First Stop on the East Coast Hydrogen Highway Boosts Environmental Conservation

The first of at least 11 hydrogen fueling stations proposed for a "hydrogen highway" along the U.S. East Coast has opened for business. Built in Wallingford, CT, by Proton Energy Systems (PES), an on-site hydrogen-making company, and SunHydro, which will own and operate PES's hydrogen fueling stations, the plan is to construct a series of hydrogen fueling stations so motorists can drive from Maine to Florida using only hydrogen to power their vehicles.

Hydrogen from SunHydro’s Wallingford station is currently priced at $10 per kilogram. Sullivan estimates that a fill-up for a typical vehicle would cost about $50 and take the car about 350 miles.

The fuel the new station dispenses to customers' vehicles is collected directly on-site using Proton Energy’s "exchange membrane" system, which extracts hydrogen from ordinary water. The hydrogen extraction process is powered by electricity generated from on-site solar panels.

Fuel-cell cars are driven by electric motors. The fuel-cell is used to combine the hydrogen with oxygen from the air to produce electricity to power the car's motors. Because of the fuel-cell, the car has no need for the heavy and expensive batteries that provide the power for most electrically-driven cars.

Fuel-cell cars are exceptionally friendly to the environment because the only exhaust from the fuel-cell is pure water vapor. Carbon dioxide is produced only when hydrogen is extracted from natural gas. However, because the SunHydro station extracts hydrogen from water, using solar generated electricity, there are no carbon dioxide emissions whatsoever.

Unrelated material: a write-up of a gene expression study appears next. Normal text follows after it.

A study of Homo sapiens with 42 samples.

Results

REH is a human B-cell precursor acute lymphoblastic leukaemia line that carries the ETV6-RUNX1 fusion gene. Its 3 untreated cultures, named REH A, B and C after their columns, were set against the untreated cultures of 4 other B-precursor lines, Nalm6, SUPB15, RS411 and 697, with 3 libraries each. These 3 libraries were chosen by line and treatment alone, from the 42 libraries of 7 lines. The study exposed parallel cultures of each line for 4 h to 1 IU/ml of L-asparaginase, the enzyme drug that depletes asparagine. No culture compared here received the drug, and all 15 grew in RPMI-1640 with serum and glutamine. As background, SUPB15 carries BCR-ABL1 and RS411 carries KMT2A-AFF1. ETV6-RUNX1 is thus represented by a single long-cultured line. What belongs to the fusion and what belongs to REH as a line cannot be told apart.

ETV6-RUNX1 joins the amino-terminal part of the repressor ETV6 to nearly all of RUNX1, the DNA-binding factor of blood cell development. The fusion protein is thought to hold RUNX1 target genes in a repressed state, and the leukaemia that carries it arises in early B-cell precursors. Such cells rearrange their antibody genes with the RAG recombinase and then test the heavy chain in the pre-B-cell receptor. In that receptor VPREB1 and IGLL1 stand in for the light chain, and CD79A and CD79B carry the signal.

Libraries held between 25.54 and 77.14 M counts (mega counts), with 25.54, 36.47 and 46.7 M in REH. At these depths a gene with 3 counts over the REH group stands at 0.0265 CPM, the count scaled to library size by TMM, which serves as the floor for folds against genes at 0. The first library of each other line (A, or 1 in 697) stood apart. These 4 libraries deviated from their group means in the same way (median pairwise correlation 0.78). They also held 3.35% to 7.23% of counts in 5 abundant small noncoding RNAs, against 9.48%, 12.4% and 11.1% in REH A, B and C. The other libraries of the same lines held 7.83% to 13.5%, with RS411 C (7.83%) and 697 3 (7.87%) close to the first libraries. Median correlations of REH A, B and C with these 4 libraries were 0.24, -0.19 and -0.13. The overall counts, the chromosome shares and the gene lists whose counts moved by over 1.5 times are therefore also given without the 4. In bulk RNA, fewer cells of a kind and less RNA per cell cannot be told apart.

According to Tom Sullivan, who owns both SunHydro and Proton Energy Systems: “You’re literally driving on fuel that’s made from water and sun.”

At first, the Wallingford hydrogen station will be open to the public on a limited basis. Later, it will be open like any other fueling station, serving individually-owned hydrogen-powered vehicles and also contracting with businesses and the government to sustain their fuel-cell fleets and public tranit vehicles in New Haven and Hartford. Until now, Hartford’s public transit system has relied on trucked-in hydrogen to fuel its four fuel-cell buses.

Now that this station is open, SunHydro's agreement with Toyota for ten fuel-cell / hybrid vehicles to be deployed in the Connecticut area will go forward. The ten test vehicles, along with the new hydrogen fueling station, will form a fuel-cell demonstration program that will eventually grow to more than 100 vehicles. The first ten vehicles will remain in the Wallingford area for use by SunHydro and Proton Energy staff, as well as by other community members.

According to the National Hydrogen Association's spokesman, Patrick Serfass, there were 210 hydrogen-powered cars on the road in the United States in 2008, and that number has probably now grown to about 300 vehicles, mostly in California. The vehicles include the Chevy Fuel Cell EV, Hyundai Tucson FCEV and the Toyota FCHV-adv, as well as the Mazda RX-8, Honda FCX Clarity and the Mercedes-Benz B-Class F-CELL.

None of the fuel-cell powered cars now on the road are available for purchase in the United States, although some are available for lease.

Auto manufacturers are testing the vehicles as they gear up for 2015, when fuel-cell powered cars will most likely become generally available for sale, according to Serfass, provided that manufacturers believe there is a market for such cars.

Although SunHydro's hydrogen fueling stations are planned to operate at a loss, their presence is necessary if a market for hydrogen-powered cars is to develop in the U.S.

Founded in 1996, Proton Energy Systems is a global leader in hydrogen energy based in Wallingford, and holds 68 patents related to hydrogen generation, employing more than 75 people.